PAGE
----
KU instructor Pierre Trudel has worked in both private and public sectors on missiles, spacecrafts, small airplanes and large transport airplanes during his 31 years in the aerospace industry, but his love of flying and outer space goes back even farther. As a child, Trudel dreamed of becoming an astronaut. He attended the Florida Institute of Technology, majoring in physics and space sciences, to be close to the Kennedy Space Center, where he got his first job after graduation.
He learned to fly airplanes, earning his pilot’s license, as well as to scuba dive, because it was “the closest thing to space that I could do affordably,” said Trudel.
Trudel’s first experience teaching was as a scuba instructor, and as he advanced in his aerospace career, he also became a mentor to new engineers. Seeing the lack of understanding of how to design for system safety inspired Trudel to develop systems safety training classes at the companies where he worked.
“My goal has been to educate and help companies understand the benefits of developing a design that includes both functionality and systems safety principles early on so that they have an easier and less expensive time demonstrating the safety of their design,” said Trudel.
Trudel’s passion for educating others led to his current position at KU. He also works as a system safety unit member at Boeing in Seattle, Washington.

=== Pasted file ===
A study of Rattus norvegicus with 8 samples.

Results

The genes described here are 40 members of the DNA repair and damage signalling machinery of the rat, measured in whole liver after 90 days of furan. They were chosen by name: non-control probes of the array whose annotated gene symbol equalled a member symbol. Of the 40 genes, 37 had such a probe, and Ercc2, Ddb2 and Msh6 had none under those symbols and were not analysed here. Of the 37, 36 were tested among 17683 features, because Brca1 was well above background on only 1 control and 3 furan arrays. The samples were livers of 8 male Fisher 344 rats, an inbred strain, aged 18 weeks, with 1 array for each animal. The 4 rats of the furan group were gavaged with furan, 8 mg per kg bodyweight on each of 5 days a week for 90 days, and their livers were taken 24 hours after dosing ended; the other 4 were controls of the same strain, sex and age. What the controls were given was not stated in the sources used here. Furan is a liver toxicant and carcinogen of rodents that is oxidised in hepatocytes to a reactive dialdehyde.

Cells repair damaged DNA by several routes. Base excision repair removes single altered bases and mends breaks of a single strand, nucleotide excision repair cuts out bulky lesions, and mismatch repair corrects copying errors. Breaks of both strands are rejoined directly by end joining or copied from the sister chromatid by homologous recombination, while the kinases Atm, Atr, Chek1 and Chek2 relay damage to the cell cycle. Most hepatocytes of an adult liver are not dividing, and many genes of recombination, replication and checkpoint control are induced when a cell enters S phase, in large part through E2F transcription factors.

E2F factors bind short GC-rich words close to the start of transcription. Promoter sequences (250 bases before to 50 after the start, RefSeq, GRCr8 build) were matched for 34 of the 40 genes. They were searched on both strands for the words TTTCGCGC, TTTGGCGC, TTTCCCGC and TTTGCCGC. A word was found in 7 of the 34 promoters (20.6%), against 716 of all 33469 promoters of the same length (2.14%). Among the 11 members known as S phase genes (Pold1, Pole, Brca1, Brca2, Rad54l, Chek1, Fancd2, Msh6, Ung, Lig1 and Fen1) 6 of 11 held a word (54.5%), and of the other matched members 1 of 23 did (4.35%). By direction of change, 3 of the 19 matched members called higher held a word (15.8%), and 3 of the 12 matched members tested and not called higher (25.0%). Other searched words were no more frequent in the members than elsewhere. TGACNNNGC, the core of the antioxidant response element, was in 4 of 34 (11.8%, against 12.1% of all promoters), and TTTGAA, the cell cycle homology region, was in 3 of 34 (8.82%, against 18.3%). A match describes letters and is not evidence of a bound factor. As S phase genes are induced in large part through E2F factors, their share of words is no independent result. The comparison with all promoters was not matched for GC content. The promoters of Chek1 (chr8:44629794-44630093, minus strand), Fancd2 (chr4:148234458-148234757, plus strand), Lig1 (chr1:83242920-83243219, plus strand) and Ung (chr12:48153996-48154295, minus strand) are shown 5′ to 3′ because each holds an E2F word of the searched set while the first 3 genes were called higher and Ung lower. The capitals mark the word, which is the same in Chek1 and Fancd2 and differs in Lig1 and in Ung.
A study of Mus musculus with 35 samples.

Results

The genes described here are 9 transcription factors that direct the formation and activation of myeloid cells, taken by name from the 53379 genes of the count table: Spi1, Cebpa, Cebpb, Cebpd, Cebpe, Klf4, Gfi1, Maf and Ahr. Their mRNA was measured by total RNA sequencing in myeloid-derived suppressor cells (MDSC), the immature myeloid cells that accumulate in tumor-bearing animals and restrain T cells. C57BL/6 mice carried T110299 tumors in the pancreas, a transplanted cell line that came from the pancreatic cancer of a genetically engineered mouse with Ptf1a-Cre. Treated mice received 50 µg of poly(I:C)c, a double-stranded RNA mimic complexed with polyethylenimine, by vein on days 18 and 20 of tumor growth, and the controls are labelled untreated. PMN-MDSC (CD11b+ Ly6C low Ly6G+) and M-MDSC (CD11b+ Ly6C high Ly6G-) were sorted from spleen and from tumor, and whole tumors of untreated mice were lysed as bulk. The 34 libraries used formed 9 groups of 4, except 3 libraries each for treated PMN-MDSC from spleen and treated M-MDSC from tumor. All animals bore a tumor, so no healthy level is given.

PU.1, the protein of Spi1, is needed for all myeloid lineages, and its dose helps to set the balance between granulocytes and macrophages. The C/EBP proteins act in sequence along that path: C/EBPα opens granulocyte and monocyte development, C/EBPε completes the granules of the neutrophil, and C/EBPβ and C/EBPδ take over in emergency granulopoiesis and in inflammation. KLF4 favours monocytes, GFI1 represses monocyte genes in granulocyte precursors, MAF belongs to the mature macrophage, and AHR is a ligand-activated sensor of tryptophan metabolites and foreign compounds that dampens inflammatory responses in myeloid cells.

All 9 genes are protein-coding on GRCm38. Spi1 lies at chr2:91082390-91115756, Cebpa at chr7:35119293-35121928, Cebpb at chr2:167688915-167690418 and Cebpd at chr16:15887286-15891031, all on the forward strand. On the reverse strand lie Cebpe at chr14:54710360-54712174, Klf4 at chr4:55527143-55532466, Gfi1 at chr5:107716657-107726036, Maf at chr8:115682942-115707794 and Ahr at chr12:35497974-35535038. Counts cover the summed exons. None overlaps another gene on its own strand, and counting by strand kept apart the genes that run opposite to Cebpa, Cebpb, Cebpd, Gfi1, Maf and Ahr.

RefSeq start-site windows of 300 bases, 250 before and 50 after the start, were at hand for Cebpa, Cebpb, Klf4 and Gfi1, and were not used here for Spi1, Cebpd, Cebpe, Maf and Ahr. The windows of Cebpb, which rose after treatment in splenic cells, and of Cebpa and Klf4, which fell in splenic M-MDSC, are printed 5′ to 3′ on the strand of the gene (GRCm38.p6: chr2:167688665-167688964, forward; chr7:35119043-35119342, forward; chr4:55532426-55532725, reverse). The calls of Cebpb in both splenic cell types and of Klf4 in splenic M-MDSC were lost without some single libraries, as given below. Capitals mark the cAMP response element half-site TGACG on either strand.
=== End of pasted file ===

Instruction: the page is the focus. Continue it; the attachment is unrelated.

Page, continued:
His upcoming course, System Safety Assessment for Commercial Aircraft Certification in San Diego and Seattle, helps fill a need in our society for aircrafts that are seen by the public as being the benchmark of safety. The viability of the aerospace industry relies on public confidence in aircraft safety, says Trudel, and the security of the operator and users are always top of mind.
“This industry has no margin for error,” said Trudel. “I work on every airplane thinking it could be my wife or children on board.”
Trudel’s classes attract aerospace professionals from all over the world, in a variety of occupations, including management, certification professionals, regulatory personnel and engineers. They all come with a common goal: to understand the approach to developing a compliant design.
KU’s Aerospace Short Course program is developing into a very specialized one-stop approach to understanding aircraft certification, says Trudel. He is particularly proud to be part of a team of instructors that has experience in every key aspect of aircraft development.
“A lot of KU’s instructors are still very involved in the industry, which allows us to bring the latest and greatest information to our students,” said Trudel. “We’re part of a team that has tremendous experience in a field that is growing exponentially.”
The flexibility KU offers through widely available online courses and a willingness to work with individual companies is a notable benefit that Trudel believes sets KU apart from other organizations that provide similar training.
“I admire KU’s willingness to adapt the course so they can reach as many professionals in the industry as possible,” said Trudel.